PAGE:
The Cultural Corps of Korean Buddhism is a network of about 130 temples throughout the country which keep the richness of traditional Korean culture and history alive. All year long, the ‘Land of the Morning Calm’ offers ‘Templestay’ programmes for visitors who wish to experience temple life in South Korea.
And from 29 December 2017 until 01 January 2018, 56 Templestay monasteries invite visitors from all over the world to open 2018 with a one-of-a-kind celebration. Dubbed ‘Welcoming the Sun,’ the programme encourages guests to start the year with the traditional Buddhist values of reflection, love of nature, and a return to the simple life.
This Templestay experience allows visitors to join various activities to empty the mind and bring in blessings. These include the lighting and temple bell-striking ceremonies, meditation, having a conversation with a monk over tea, and bowing 108 times.
For guests who wish to reflect at their own leisure, a special programme to watch the first sunrise of 2018 will be held at mountainside temples facing the East Sea and Mt Seorak. These include Baekdamsa, Bohyunsa, Samhwasa, Sinheungsa (Sokcho), and Woljeongsa in Gangwon-do Province, the location of the PyeongChang 2018 Winter Olympics and Paralympics.
Of course, the highlight of any Templestay experience is the inclusion of Korean temple food. These vegetarian meals have gained fans all over the world because they are prepared without meat, fish, or ‘osinchae’ — vegetables considered the ‘five stimulants’ in Korean culture. Buddhists in the country believe that eating green onions, garlic, chives, wild chives and heunggeo (a kind of dropwort) ‘hurts’ the body, so they do not eat these vegetables.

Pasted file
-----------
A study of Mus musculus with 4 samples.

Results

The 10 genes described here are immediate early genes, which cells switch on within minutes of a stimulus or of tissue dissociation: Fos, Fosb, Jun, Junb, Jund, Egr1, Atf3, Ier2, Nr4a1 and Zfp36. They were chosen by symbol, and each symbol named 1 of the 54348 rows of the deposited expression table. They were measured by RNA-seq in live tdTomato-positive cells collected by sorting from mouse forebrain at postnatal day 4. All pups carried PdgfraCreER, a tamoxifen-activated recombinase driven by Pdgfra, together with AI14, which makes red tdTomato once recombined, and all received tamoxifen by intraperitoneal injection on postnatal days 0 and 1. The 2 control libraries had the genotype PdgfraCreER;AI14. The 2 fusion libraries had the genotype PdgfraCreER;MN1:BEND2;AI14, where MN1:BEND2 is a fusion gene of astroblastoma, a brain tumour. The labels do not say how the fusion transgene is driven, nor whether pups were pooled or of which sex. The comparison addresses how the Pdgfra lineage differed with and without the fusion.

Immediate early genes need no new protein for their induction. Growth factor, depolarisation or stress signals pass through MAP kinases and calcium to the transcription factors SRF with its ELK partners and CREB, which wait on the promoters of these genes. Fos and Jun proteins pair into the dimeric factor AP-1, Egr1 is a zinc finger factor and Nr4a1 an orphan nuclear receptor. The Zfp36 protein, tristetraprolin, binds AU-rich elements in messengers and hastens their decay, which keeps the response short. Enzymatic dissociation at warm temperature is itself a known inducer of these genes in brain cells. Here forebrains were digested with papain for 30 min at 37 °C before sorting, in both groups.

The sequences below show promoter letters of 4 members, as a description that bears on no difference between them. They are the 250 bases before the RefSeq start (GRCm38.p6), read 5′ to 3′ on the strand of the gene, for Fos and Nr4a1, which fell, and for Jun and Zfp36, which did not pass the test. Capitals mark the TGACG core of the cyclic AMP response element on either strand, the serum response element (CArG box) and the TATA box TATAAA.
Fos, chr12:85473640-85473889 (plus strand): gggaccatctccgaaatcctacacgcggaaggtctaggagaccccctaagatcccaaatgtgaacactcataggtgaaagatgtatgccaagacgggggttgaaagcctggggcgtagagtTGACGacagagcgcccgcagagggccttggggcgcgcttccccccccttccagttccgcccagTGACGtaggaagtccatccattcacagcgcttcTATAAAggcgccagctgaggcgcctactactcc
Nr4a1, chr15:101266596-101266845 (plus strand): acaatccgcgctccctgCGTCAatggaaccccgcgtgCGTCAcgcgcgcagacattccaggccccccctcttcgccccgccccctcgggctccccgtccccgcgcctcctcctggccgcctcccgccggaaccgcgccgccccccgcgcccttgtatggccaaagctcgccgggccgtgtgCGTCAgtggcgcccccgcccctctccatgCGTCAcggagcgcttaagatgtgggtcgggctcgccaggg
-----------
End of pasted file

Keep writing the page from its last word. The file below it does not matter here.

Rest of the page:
Let the monastic lifestyle of South Korea’s Templestay programme allow you to enter the new year with an openness of self.
For information about the ‘Welcoming the Sun’ New Year 2018 Templestay experience, or to simply learn more about the Templestay programmes, visit https://eng.templestay.com/. Alternately, follow the official Facebook page of the Cultural Corps of Korean Buddhism at www.facebook.com/templestaykorea.